State's old and new abortion laws


Attorney General J. Joseph Curran Jr. says his initial reading of the Supreme Court's abortion decision of yesterday upholding some Pennsylvania abortion laws is that it does not reinstate Maryland's 1968 abortion law. That's our reading, also.

Maryland's law, which allows abortions only in hospitals and bans them there except in a limited number of circumstances, was made unenforceable by Roe vs. Wade.

That 1973 Supreme Court decision said women have a broad and "fundamental" constitutional right to an abortion. State regulations or laws that even interfere with that, much less ban it, are almost always unconstitutional. The Supreme Court yesterday modified Roe, but it did not overrule it.

In fact, the opinion of the court went out of its way to say repeatedly such things as "the essential holding of Roe v. Wade should be retained and once again reaffirmed," and "[this decision] does not disturb the central holding of Roe v. Wade, and we reaffirm that holding." But states now may regulate abortions more than before.

As far as Maryland is concerned, the Supreme Court ruling will have more economic and political impact than legal.

The decision will have an economic impact in Maryland because many Pennsylvania women who do not want to submit themselves to the state's laws requiring mandatory anti-abortion counseling and waiting periods, parental notification and providing information for public records will come to Maryland clinics for abortions.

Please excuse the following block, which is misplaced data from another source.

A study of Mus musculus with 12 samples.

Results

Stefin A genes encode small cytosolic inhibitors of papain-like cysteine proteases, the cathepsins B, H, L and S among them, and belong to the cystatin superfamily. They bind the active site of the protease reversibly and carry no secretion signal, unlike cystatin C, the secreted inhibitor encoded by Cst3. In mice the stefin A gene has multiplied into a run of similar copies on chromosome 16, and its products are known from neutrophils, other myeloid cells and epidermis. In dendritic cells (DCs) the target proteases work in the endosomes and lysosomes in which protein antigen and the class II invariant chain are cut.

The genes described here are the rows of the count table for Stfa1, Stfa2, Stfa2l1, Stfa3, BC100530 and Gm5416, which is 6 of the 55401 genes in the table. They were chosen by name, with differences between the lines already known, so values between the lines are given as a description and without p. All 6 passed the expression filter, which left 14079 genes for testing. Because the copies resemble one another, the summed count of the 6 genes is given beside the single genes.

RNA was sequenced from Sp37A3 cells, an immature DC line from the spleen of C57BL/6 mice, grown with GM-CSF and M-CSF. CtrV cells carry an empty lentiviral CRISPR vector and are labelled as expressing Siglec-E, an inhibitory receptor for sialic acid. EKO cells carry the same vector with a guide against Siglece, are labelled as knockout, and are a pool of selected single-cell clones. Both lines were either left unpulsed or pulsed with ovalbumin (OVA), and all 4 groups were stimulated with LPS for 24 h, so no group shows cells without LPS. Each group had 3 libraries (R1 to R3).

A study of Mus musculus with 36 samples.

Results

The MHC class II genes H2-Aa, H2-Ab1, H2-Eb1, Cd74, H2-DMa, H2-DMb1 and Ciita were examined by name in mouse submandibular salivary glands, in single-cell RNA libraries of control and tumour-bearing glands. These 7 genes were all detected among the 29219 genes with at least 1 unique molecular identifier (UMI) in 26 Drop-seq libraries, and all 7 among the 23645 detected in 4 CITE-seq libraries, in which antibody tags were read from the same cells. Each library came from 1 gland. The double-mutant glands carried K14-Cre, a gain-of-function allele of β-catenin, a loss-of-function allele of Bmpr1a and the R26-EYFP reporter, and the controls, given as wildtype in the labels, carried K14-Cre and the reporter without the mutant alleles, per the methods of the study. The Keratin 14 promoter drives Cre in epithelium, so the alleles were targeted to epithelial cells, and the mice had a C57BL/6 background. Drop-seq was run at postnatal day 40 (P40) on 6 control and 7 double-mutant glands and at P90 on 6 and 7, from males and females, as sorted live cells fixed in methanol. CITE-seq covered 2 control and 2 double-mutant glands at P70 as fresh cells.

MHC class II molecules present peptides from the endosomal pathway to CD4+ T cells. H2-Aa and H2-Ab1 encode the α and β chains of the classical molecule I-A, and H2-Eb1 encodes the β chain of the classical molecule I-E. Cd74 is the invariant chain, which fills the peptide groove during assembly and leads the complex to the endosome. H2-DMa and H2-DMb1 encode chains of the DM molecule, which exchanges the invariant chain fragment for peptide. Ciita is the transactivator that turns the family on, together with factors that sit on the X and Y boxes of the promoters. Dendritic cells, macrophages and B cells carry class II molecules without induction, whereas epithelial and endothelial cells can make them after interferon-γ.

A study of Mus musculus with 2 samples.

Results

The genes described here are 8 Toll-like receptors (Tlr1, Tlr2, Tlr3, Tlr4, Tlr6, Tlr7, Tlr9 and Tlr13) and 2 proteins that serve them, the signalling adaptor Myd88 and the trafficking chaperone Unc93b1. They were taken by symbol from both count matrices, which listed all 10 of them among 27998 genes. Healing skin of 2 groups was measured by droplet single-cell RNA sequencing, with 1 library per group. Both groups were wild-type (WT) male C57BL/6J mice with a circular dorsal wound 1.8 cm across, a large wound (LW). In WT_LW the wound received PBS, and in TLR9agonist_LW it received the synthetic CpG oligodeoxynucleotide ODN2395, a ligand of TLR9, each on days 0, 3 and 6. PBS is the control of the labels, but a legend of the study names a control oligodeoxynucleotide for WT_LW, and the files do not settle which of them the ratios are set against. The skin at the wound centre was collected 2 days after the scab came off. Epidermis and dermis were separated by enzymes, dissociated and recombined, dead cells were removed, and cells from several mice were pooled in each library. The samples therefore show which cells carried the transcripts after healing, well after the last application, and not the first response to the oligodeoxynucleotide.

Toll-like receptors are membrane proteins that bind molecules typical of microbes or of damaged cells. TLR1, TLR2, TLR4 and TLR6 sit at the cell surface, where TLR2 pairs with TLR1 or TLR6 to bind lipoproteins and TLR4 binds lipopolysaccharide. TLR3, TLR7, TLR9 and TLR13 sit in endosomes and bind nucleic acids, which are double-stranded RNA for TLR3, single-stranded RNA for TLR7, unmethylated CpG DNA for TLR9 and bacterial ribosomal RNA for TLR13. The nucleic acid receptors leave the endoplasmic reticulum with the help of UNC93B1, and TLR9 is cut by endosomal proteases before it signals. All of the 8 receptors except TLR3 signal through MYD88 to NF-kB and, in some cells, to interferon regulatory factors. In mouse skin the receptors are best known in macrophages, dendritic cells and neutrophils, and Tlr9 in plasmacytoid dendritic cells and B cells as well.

The Supreme Court decision also will have a political impact here because it is bound to affect public opinion concerning Maryland's new abortion law. This law was passed by the General Assembly and signed by the governor last year -- but then petitioned to referendum. It is on hold. It can be affirmed or killed by voters in November.

The new law more or less codifies Roe as it was. It prevents government interference with abortions prior to the time a fetus can live outside the womb, at which point the state may ban abortions except in a few instances involving the life and health of the mother and the fetus.

We hope the pro-choice forces will see the new Supreme Court opinion as a spur to work hard to turn out a pro-law vote in November. It would be a mistake to sigh in relief and not worry about what happens in November. Not only is the new law closer to Roe vs. Wade than the new Supreme Court ruling, and thus more preferable; it is also a fact that four of the nine members of the Supreme Court said Monday they want to throw Roe out altogether. One more new conservative justice and that might happen. If and when it does, Maryland should have its good new law on the books.

Even the anti-Roe justices say, by the way, that if Roe were completely over-ruled, states would still have the right to enact such laws as the one on Maryland's ballot next November.